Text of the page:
VMware has confirmed that a critical vCenter Server remote code execution vulnerability patched in October is now under active exploitation.
vCenter Server is a management platform for VMware vSphere environments that helps administrators manage ESX and ESXi servers and virtual machines (VMs).
The vulnerability was reported by Trend Micro vulnerability researcher Grigory Dorodnov and is caused by an out-of-bounds write weakness in vCenter’s DCE/RPC protocol implementation.
Attackers can exploit it remotely in low-complexity attacks with high confidentiality, integrity, and availability impact that don’t require authentication or user interaction. Due to its critical nature, VMware has also issued security patches for multiple end-of-life products without active support.
Network access brokers like to take over VMware servers and then sell on cybercrime forums to ransomware gangs for easy access to corporate networks. Many ransomware groups (like Royal, Black Basta, LockBit, and, more recently, RTM Locker, Qilin, ESXiArgs, Monti, and Akira) are now known for directly targeting the victims’ VMware ESXi servers to steal and encrypt their files and demand huge ransoms.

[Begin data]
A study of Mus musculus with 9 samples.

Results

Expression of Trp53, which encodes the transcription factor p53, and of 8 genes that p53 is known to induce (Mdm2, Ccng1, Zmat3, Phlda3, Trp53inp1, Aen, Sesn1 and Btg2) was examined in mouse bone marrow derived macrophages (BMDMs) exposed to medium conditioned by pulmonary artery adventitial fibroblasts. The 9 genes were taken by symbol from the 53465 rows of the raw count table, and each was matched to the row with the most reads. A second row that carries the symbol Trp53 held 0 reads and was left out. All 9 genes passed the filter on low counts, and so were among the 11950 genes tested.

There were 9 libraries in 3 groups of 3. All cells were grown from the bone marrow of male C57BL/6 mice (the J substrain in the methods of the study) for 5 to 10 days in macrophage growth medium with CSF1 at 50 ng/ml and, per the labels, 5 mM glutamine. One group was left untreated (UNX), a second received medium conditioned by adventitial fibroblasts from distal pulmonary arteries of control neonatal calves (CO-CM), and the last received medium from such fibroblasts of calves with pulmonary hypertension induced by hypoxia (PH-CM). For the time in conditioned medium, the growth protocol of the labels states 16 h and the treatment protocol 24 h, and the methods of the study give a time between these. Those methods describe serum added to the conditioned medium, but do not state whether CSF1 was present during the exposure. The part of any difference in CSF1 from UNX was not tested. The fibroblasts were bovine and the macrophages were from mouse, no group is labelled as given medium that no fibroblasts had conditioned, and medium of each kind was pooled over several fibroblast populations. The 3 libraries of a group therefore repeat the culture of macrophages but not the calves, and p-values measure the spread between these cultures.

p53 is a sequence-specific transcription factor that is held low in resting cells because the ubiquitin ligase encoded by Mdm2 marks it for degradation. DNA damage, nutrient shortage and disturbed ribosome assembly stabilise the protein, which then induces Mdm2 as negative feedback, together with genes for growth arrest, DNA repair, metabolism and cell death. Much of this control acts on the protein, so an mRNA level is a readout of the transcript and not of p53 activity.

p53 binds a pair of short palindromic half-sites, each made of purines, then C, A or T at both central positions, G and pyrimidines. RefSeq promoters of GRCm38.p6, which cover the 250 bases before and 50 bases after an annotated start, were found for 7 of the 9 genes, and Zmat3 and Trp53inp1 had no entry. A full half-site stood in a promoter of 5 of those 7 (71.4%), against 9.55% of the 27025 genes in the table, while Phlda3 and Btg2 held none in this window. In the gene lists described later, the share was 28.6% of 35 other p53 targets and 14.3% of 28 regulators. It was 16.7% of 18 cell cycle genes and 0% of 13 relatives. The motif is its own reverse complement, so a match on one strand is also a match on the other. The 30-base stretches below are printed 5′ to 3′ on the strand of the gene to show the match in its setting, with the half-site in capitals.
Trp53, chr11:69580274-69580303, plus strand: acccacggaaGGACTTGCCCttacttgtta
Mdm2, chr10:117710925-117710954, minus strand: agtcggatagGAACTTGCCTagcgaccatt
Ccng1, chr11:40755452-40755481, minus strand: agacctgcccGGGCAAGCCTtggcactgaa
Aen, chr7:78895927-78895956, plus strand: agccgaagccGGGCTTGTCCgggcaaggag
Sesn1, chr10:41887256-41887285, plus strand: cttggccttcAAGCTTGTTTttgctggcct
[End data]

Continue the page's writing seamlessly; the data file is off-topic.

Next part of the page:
According to Shodan data, more than 2,000 VMware Center servers are currently exposed online, potentially vulnerable to attacks and exposing corporate networks to breach risks given their vSphere management role.
Because there is no workaround, VMware has urged admins who can’t patch their servers to strictly control network perimeter access to vSphere management components.
“VMware strongly recommends strict network perimeter access control to all management components and interfaces in vSphere and related components, such as storage and network components, as part of an overall effective security posture,” the company warned.
The specific network ports linked to potential exploitation in attacks targeting this vulnerability are 2012/tcp, 2014/tcp, and 2020/tcp.
In June, VMware also fixed multiple high-severity vCenter Server security flaws posing code execution and authentication bypass risks to vulnerable servers.
Since the start of the year, IT admins and security teams have had to address warnings of multiple security vulnerabilities under active exploitation, including zero-days affecting Ivanti Connect Secure, Ivanti EPMM, and Citrix Netscaler servers.